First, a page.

When you apply for a home loan, the chances of getting your application approved depends largely on whether you meet the lender-specific requirements. Some of the important eligibility criteria the lenders have, include high credit score, a steady income, stability in employment, etc.
However, sometimes, if you meet the eligibility requirements, the lender may ask you to get the home loan documents signed by a guarantor. Generally, the lenders ask for a guarantor under the following circumstances:
- If you apply for a higher loan amount that is beyond the lender’s policies.
- If you have a low credit score or if the score does not meet the lender’s minimum score requirement.
- If you have a poor credit history, i.e., you have defaulted on your payments before.
- If you are involved in a high-risk profession.
- If you are nearing your retirement age.
- If your income is lower than the lender’s minimum monthly income criteria.
Factors to consider while signing as a guarantor
If any of your family members or a friend asks you to sign as a guarantor for their housing loan, you must be aware of its implications before you commit.
- Know if you are signing the home loan application as a financial guarantor or non-financial guarantor. A non-financial guarantor only acts as an alternate contract if the primary borrower cannot be reached. However, if you sign as a financial guarantor, you would be responsible to repay the amount if the primary defaults on the EMI payments. You can use a loan emi calculator to compute your monthly EMIs payable.
- If you sign the home loan documents as a financial guarantor, in the eyes of the lenders, you are equally responsible for repaying the loan as the primary borrower if they fail to repay the amount. Therefore, if the primarily applicant fails to repay the EMIs or delays the payment, you would be obliged to pay the amount. Not to mention, the delays in the repayment and non-payment of the EMI can have a significant impact on your credit score, and affect your own home loan eligibility.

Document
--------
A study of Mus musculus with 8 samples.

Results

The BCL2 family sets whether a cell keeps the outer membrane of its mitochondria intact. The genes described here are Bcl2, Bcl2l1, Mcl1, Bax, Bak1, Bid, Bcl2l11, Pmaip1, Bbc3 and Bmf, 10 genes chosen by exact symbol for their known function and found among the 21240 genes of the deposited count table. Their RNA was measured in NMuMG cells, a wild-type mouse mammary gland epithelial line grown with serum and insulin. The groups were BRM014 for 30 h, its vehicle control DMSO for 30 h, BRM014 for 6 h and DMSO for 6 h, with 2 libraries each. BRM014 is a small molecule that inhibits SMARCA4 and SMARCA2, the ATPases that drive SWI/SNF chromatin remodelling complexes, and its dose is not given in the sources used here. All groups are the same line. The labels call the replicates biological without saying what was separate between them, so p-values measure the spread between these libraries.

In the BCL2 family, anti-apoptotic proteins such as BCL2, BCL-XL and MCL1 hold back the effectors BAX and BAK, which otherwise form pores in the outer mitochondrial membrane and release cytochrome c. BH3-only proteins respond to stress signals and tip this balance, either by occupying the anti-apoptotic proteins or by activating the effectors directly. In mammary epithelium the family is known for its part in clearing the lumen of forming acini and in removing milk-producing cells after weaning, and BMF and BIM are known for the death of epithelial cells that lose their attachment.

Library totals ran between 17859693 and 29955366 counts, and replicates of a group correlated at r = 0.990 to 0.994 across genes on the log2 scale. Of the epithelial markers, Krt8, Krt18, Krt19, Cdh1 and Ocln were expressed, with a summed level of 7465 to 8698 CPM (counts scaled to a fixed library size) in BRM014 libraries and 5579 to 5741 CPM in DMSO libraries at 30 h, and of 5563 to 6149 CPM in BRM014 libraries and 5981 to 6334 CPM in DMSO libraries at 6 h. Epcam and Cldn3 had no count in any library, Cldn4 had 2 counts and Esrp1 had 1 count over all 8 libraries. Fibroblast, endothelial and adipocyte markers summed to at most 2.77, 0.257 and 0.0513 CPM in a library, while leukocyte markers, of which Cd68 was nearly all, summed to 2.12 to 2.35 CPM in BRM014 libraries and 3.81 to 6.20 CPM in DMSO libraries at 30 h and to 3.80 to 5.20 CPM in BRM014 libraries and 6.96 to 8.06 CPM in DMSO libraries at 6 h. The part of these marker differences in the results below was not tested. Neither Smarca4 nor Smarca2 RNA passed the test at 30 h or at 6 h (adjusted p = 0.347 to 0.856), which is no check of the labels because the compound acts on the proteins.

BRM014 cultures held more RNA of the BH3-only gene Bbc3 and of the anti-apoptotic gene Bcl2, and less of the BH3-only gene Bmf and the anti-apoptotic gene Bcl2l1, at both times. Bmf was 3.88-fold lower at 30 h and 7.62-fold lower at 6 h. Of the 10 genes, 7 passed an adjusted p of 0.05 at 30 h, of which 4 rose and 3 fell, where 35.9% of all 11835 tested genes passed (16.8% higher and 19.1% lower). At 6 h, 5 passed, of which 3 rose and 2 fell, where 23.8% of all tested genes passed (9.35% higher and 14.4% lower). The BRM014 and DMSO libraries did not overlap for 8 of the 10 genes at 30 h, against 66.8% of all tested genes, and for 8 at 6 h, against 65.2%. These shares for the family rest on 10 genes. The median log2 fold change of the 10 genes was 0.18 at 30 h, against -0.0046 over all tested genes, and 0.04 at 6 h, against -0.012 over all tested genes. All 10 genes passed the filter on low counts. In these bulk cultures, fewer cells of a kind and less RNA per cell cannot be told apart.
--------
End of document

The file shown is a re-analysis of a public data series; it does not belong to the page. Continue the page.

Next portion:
- Whether you sign as a non-financial guarantor or financial guarantor, you must be aware of the home loan tenure. You will remain a guarantor until the primary borrower fully pays off the amount. Once the borrower pays off the last EMI, you must ask them to get a no objection certificate from the lender as well as a release of guarantorship. Without these documents, you cannot be free of the obligation legally.
- If you sign as a financial guarantor, you must be sure of your financial standing. You must be prepared for the worst situation and have the ability to make the EMI payments on time if the primary borrower fails to make the payments. Additionally, you must be aware of the terms and conditions of the loan mentioned in the document to be on top of the situation always.
Being a home loan guarantor may not be easy, as you share the repayment responsibility and become liable to pay the amount. If you wish to apply for a home loan in the future, it is better to politely decline them.